So how low can you hear? - AVS Forum

Bear in mind that these trains, typically 150 cars of coal, are just idling as they move through the offloading stages. China needs lots of coal and Canada is delivering millions of tonnes of it. Who gives a damn about Global Warming.

So all I'm hearing is just engine noise at idle– at 7 kilometers. As a point of reference, a Google search pulled up a South African document which indicate that a 3000 HP locomotive at 30 m would have 65 – 68 db A sound pressure. (you have to love the Internet!)

http://www.tshwane.gov.za/Services/EnvironmentalManagement/Noise%20Management%20Documents/NoiseAppendixA.pdf

OK, so the question. Just how low, how far, how quiet, can you actually hear?

Originally Posted by Trendy View Post

... Just how low, how far, how quiet, can you actually hear?

How low and how quiet have already been determined on the equal loudness curve. (See bottom of page at: http://www.phys.unsw.edu.au/jw/hearing.html)

I find how far is greatly affected by wind speed and direction.
I live less than 3 km from the train bridge crossing at Pitt River, and even though the trains go over it dead slow at night time, it can range from disturbingly loud to totally silent depending on wind direction.

Try to take note of the wind direction in your neighborhood the next time it seems louder than normal.
Originally Posted by Trendy View Post

OK this will be a little different – it involves listening to live sound. During the early hours of the morning, typically a Sunday at 4 am, I can hear the rumble of diesel locomotives at the Point Roberts Super Port here in Vancouver. Google Earth shows that they are about 7 Km from where I'm pretending to sleep. What's interesting is just how loud they sound against the silence of this residential neighborhood.

In general residential neighborhoods aren't all that quiet. One word: HVAC.

I did some research on the SPL created by diesel locomotives, and I was surprised. I found numbers like Peak 95 dB in the cab, 85 dB around the locomotive, and 78 dB max in the cab while cruising.

So all I'm hearing is just engine noise at idle– at 7 kilometers. As a point of reference, a Google search pulled up a South African document which indicate that a 3000 HP locomotive at 30 m would have 65 – 68 db A sound pressure. (you have to love the Internet!)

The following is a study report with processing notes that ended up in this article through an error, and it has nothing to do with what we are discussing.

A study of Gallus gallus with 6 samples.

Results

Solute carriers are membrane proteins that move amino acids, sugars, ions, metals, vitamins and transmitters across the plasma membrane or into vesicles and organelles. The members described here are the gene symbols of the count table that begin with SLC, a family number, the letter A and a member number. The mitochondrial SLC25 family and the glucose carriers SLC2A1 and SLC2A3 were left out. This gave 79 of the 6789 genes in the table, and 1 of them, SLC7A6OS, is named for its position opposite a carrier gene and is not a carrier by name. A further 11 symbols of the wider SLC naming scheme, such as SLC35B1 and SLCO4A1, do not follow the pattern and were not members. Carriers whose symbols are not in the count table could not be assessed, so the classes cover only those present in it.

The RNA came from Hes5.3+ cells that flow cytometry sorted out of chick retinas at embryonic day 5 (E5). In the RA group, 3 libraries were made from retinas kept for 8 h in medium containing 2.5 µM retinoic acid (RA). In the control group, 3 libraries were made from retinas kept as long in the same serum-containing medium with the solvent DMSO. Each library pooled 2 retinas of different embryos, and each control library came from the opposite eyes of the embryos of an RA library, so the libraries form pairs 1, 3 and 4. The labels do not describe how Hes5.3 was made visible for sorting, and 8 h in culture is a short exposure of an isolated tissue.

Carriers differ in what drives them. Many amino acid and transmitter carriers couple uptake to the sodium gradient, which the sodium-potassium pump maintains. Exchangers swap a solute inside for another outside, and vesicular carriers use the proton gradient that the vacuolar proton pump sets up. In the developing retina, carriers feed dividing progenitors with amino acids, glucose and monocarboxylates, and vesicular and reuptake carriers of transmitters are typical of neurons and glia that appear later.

http://www.tshwane.gov.za/Services/EnvironmentalManagement/Noise%20Management%20Documents/NoiseAppendixA.pdf
Quote:
OK, so the question. Just how low, how far, how quiet, can you actually hear?

Depends on lots of thing including atmospheric conditions. If there is a certain arrangement of layers and temperatures, things that are far away can sound like they are in your back yard.

The terrain matters, as well. My wife and I hike and camp in Agawa canyon up in Ontario and there is a train track that is up the canyon wall from the trail and camp sites. The tracks run 0.25-0.50 miles uphill from the trail and campsites and sometimes you see the train and not hear it.

The nearest train tracks to my house are 5 miles away, basically about the same. I hear the trains in the early morning when the weather conditions are right.

Other kinds of large Diesel engines can be quieter. I used to live 0.5 miles from the mutli-megawatt multi-engine municipal Diesel power plant in Homestead, FL Rarely heard it. It ran far slower.

In general residential neighborhoods aren't all that quiet. One word: HVAC.....

What is considered quite in every day life is relative at the time. We NEVER experience anything near quite (lower than 30dB) in real life.To the OP if you ever get the chance experience an anechoic chamber. It will freak you out. It sounds like your heart is going to explode and is a jack hammer in your ears.
Originally Posted by William View Post

Quote:
Originally Posted by arnyk View Post

In general residential neighborhoods aren't all that quiet. One word: HVAC.....

What is considered quiet in every day life is relative at the time. We NEVER experience anything near quiete (lower than 30dB) in real life.

Agreed. And getting away from civilization is not necessarily any help. Wind blowing through trees and waves on a beach range from just as noisy as being in the house, to nearly deafening.

While many anechoic chambers are also quiet rooms, and the absence of reflections is a surely different listening experience, there is no natural law that says that an anechoic chamber has to be a quiet room, or vice-versa. Example: the far end of a dry cave. Its quiet but it is probably far from anechoic.